The former president was questioned under oath in the long-running civil investigation of his dealings as a real estate mogul.

Former President Trump says he invoked the 5th Amendment and wouldn’t answer questions under oath in the long-running New York civil investigation into his business dealings.

Trump arrived at New York Atty. Gen. Letitia James’ offices in a motorcade shortly before 9 a.m. Wednesday for his deposition, but sent out a statement more than an hour later saying he “declined to answer the questions under the rights and privileges afforded to every citizen under the United States Constitution.”

“I once asked, ‘If you’re innocent, why are you taking the Fifth Amendment?’ Now I know the answer to that question,” the statement said. “When your family, your company, and all the people in your orbit have become the targets of an unfounded politically motivated Witch Hunt supported by lawyers, prosecutors and the Fake News Media, you have no choice.”


Trump’s appearance in New York came just days after FBI agents searched his Mar-a-Lago estate in Florida as part of an unrelated federal probe into whether he took classified records when he left the White House.

The civil investigation involves allegations that Trump’s company, the Trump Organization, misstated the value of prized assets such as golf courses and skyscrapers, misleading lenders and tax authorities.

The FBI wouldn’t have broken hundreds of years of precedent over a misplaced memo, one expert said. A look at what the Justice Department may have sought and what it may have found at Trump’s home.

“My great company, and myself, are being attacked from all sides,” Trump wrote beforehand on Truth Social, the social media platform he founded. “Banana Republic!”

In May, James’ office said that it was nearing the end of its probe and that investigators had amassed substantial evidence that could support legal action, such as a lawsuit, against Trump, his company or both. His deposition — a legal term for sworn testimony that’s not given in court — was one of the few remaining missing pieces, the attorney general’s office said.

Two of Trump’s adult children, Donald Jr. and Ivanka, testified in the investigation in recent days, two people familiar with the matter said. The people were not authorized to speak publicly and did so on condition of anonymity.

It’s unclear whether the two siblings invoked the 5th Amendment during their depositions. When their brother Eric sat for a deposition in the same investigation in 2020, he invoked the 5th Amendment more than 500 times, according to court papers.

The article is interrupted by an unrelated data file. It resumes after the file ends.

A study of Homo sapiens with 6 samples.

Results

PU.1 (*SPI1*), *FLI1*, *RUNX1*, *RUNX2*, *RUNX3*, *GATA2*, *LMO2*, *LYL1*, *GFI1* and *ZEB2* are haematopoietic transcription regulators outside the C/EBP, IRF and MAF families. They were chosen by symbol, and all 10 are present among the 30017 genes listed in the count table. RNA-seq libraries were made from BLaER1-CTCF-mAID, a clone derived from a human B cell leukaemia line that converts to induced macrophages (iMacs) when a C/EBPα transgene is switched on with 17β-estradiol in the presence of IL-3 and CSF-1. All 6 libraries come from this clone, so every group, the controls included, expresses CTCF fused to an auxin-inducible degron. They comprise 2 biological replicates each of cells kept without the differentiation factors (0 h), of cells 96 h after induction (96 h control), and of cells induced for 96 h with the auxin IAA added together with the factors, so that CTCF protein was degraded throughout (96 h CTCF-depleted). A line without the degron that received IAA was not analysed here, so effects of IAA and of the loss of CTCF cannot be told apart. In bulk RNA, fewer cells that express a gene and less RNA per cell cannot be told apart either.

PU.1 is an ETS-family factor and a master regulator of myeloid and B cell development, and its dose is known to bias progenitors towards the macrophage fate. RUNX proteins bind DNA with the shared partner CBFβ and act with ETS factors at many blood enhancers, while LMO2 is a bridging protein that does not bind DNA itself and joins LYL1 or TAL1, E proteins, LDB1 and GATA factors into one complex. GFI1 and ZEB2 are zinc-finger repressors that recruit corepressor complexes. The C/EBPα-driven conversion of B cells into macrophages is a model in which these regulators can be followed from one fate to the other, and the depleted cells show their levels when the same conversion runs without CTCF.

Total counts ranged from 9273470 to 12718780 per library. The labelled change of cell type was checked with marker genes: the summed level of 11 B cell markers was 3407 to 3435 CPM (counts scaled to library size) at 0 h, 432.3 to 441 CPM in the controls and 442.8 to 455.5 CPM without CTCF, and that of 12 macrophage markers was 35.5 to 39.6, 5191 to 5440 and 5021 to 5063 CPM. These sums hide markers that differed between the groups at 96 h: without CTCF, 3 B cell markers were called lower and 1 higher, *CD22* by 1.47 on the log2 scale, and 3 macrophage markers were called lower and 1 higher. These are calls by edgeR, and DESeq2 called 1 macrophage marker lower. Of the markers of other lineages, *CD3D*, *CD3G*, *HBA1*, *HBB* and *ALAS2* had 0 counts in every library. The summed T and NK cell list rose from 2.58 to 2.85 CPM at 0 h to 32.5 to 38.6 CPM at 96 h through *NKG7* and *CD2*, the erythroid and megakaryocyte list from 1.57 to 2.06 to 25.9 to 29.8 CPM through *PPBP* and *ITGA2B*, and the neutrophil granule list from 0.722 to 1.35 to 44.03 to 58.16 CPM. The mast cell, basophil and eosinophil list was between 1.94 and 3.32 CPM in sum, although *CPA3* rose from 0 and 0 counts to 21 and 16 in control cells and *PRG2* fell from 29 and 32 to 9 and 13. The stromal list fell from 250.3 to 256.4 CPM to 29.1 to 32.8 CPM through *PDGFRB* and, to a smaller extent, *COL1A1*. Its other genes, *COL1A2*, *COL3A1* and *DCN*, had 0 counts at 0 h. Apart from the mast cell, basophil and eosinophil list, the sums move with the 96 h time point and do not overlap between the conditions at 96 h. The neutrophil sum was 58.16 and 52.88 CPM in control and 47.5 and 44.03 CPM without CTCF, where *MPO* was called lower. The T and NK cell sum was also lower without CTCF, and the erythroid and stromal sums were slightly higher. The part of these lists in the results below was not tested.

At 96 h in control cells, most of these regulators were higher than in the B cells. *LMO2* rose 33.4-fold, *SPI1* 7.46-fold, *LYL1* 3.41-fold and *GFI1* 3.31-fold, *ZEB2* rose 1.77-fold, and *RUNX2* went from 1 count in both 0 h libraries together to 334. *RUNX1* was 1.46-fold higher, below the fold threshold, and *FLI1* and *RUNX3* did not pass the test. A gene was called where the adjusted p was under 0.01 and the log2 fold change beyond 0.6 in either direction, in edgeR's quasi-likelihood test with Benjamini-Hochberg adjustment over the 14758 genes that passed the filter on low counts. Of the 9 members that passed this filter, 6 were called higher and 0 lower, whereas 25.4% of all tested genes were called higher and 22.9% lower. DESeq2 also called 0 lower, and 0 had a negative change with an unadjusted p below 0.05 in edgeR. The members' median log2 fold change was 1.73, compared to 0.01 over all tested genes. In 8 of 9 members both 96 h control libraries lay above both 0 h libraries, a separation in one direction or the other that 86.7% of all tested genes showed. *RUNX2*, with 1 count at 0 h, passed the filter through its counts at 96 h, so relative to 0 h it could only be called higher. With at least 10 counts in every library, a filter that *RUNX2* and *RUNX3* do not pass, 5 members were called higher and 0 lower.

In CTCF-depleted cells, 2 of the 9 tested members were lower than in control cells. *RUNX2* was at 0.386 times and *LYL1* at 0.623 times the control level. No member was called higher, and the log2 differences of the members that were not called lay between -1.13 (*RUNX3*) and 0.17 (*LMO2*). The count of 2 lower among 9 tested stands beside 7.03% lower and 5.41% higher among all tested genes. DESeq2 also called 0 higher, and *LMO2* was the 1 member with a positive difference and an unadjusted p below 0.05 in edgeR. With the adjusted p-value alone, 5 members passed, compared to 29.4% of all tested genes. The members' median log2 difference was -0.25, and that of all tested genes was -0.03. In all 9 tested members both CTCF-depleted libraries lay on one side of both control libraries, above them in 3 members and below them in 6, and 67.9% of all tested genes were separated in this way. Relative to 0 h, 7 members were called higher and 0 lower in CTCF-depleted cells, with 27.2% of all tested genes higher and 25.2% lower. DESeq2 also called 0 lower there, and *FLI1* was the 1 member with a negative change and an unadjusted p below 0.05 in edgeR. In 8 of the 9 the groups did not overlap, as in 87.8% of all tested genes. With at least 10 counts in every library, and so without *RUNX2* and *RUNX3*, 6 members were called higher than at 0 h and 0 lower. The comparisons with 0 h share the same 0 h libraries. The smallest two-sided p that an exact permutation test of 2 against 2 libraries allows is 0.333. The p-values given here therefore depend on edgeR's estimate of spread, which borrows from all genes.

The FBI’s search at Trump’s residence constitutes a highly dramatic investigative move against a former president, much more dramatic than anything that occurred during Richard Nixon’s Watergate scandal.

The Trumps’ testimony had initially been planned for last month but was delayed after the July 14 death of the former president’s ex-wife, Ivana Trump, the mother of Ivanka, Donald Jr. and Eric.

On Friday, the Trump Organization and its longtime finance chief, Allen Weisselberg, will be in court seeking dismissal of tax fraud charges brought against them last year in the Manhattan district attorney’s parallel criminal probe.

James, a Democrat, has said in court filings that her office has uncovered “significant” evidence that Trump’s company “used fraudulent or misleading asset valuations to obtain a host of economic benefits, including loans, insurance coverage, and tax deductions.”

James alleges that the Trump Organization exaggerated the value of its holdings to impress lenders or misstated what land was worth to slash its tax burden, pointing to annual financial statements given to banks to secure favorable loan terms and to financial magazines to justify Trump’s place among the world’s billionaires.

Atty. Gen. Letitia James’ office says its civil investigation has uncovered evidence that the former president’s company used ‘fraudulent or misleading’ asset valuations to get loans and tax benefits.

The company even exaggerated the size of Trump’s Manhattan penthouse, saying it was nearly three times its actual size — a difference in value of about $200 million, James’ office said.

Trump has denied the allegations, explaining that seeking the best valuations is a common practice in the real estate industry. He says James’ investigation is part of a politically motivated “witch hunt” and that her office is “doing everything within their corrupt discretion to interfere with my business relationships, and with the political process.”

“THERE IS NO CASE!” Trump said in a February statement, after Manhattan Judge Arthur Engoron ruled that James’ office had “the clear right” to question Trump and other principals in his company.

Once her investigation wraps up, James could decide to bring a lawsuit and seek financial penalties against Trump or his company or even a ban on their being involved in certain types of businesses.

While James has explored suing Trump or his company, the Manhattan district attorney’s office has long pursued a parallel criminal investigation. That probe had appeared to be progressing toward a possible criminal indictment, but slowed after a new district attorney, Alvin Bragg, took office in January.

A grand jury that had been hearing evidence disbanded. The top prosecutor who had been handling the probe resigned after Bragg raised questions internally about the viability of the case.

Bragg has said his investigation is continuing.

Last summer, spurred by evidence uncovered by James’ office, Manhattan prosecutors filed charges against Weisselberg and the Trump Organization. Prosecutors said Weisselberg collected more than $1.7 million in off-the-books compensation.

Weisselberg and the company have pleaded not guilty.